Northern NJ TBI Model System


The Northern New Jersey Traumatic Brain Injury Model System (NNJTBIS) is a federally funded system of traumatic brain injury (TBI) research and clinical care that provides trailblazing investigation, quantifiable data, and answers for individuals living with TBI and their care partners. The NNJTBIS is a collaborative project of Kessler Foundation, Kessler Institute for Rehabilitation, and four local trauma centers. NNJTBIS is one of only 16 centers in the U.S. funded for the current national Traumatic Brain Injury Model System (TBIMS) grant cycle.

Contributing Essential Research Data

NNJTBIS delivers a specialized program of care and conducts research to improve the long-term functional, vocational, cognitive, and quality-of-life outcomes of individuals living with the consequences of TBI. Through the NNJTBIS, scientists contribute research data to the national TBIMS database, translate findings into clinical care, and provide resources for individuals with TBI and their caregivers.


Gaining a better understanding of demographic factors contributes to the knowledge needed to help with the recovery of individuals with TBI. All TBIMS centers contribute participant data to the national TBIMS database from the time of an individual’s injury throughout his or her life. NNJTBIS is a leading contributor to this important database.


Each year, the NNJTBIS enrolls approximately 35-40 newly injured participants in its program and collects follow up information on approximately 200 enrollees. Information collected includes age, minority status, employment, cause of injury, and injury severity. These data yield substantial information on the long-term impact of TBI on individuals and caregivers. The NNJTBIS also participates in collaborative studies, which focus on a variety of topics such as quality of life after injury, cognitive changes after TBI, differences in menopausal symptoms in women with TBI, and the resilience of caregivers.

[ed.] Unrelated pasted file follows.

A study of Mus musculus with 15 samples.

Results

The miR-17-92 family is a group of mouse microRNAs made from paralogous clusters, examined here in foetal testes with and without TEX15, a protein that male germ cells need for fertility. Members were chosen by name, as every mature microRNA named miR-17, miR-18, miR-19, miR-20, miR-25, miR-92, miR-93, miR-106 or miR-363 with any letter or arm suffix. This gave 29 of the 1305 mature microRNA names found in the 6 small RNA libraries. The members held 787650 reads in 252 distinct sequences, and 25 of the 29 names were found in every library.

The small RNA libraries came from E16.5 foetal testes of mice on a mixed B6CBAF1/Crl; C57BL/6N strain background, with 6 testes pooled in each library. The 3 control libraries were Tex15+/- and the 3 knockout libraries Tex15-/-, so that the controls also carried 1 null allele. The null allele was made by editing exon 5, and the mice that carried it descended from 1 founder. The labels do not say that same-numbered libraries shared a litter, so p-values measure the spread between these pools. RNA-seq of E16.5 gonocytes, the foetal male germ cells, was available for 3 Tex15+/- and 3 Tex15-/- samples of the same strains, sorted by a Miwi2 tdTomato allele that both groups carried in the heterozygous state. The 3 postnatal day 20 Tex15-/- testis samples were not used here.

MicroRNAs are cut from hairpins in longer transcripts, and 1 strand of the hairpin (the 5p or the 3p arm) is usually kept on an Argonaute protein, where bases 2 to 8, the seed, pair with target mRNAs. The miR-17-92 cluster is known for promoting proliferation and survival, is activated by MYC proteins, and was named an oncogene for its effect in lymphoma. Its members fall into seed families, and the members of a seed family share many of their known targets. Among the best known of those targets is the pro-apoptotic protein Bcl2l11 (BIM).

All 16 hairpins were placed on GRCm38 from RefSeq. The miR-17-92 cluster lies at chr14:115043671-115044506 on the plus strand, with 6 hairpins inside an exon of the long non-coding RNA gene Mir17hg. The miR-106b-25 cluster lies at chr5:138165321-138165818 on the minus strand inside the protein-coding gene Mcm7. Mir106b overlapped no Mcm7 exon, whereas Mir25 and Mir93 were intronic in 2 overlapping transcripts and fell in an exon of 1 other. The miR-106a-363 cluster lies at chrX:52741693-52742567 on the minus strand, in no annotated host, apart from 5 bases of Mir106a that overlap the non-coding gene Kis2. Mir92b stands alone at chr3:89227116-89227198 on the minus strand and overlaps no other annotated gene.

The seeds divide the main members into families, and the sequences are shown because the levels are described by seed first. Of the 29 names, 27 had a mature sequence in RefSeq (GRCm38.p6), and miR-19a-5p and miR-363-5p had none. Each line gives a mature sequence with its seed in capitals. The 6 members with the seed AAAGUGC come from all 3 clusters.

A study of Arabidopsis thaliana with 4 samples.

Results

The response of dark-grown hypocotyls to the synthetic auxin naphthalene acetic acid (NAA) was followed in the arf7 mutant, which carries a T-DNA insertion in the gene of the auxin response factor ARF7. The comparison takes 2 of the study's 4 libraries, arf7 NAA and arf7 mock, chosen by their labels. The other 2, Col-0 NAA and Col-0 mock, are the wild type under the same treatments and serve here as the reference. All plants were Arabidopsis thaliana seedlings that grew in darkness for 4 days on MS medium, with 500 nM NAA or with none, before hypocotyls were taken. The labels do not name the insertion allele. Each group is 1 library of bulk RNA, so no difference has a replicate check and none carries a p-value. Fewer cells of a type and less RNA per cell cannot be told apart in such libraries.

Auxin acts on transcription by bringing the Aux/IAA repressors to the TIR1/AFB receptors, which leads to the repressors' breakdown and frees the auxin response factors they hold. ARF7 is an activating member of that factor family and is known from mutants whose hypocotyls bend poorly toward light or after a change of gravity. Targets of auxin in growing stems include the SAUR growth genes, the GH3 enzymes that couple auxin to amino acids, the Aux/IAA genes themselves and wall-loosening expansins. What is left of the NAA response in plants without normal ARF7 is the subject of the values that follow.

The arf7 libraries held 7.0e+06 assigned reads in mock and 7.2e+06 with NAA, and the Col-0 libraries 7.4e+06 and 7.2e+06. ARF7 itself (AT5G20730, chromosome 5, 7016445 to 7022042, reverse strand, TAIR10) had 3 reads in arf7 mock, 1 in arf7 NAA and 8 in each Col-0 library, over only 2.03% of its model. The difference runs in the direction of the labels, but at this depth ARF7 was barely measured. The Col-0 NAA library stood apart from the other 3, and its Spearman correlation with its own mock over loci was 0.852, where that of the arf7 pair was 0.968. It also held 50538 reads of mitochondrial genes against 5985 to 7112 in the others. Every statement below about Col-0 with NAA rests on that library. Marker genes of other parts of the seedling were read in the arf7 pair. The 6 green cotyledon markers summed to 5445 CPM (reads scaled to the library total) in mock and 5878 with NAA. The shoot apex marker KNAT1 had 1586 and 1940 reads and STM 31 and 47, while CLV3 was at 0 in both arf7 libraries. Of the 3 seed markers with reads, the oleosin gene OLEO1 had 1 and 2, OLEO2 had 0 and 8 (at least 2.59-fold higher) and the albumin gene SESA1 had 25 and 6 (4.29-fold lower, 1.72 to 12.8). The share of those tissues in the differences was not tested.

Improving Outcomes for Minority Groups

The national TBIMS examines recovery across various races, cultures, ethnicities, and socioeconomic communities. Racial/ethnic minorities are often at greater risk for TBI and less likely to receive quality care due to a variety of socioeconomic and cultural factors. By exploring these factors, researchers are developing culturally sensitive approaches as a way to improve rehabilitation outcomes, including recovery, quality of life, community participation, and employment. This research underscores the importance of addressing diversity in recruitment efforts for rehabilitation research studies to ensure that treatment protocols reflect the needs of the diverse population of individuals with TBI and their caregivers.


More than five million Americans with TBI need long-term assistance with activities and daily living. Most commonly, the primary responsibilities fall to family caregivers. Their stress-related issues adversely affect their mood, physical health, family relationships, marital satisfaction, and longevity. Most significantly, caregiver stress has a negative effect on the caregiving of individuals with TBI. Research aimed at identifying and addressing caregiver needs is helping them overcome their challenges, improve their quality of life, and provide quality care for their loved ones living with the lifelong effects of brain injury.


Helping individuals and families adjust to life after TBI is an important part of the NNJTBIS mission. NNJTBIS connects with the community at TBI consumer conferences and through the TBI News & Views newsletter, virtual quarterly consumer webinars, and social media outreach. We also provide practical information on advocacy organizations, support groups, caregiver support, and vocational resources. NNJTBIS podcast recordings, available via SoundCloud, provide broader access to conference presentations by subject matter experts on TBI care and research.


The NNJTBIS is supported by grant #90DP0032 from the National Institute on Disability, Independent Living, and Rehabilitation Research (NIDILRR),
Office of Special Education and Rehabilitative Services, U.S. Department of Education, Washington, DC.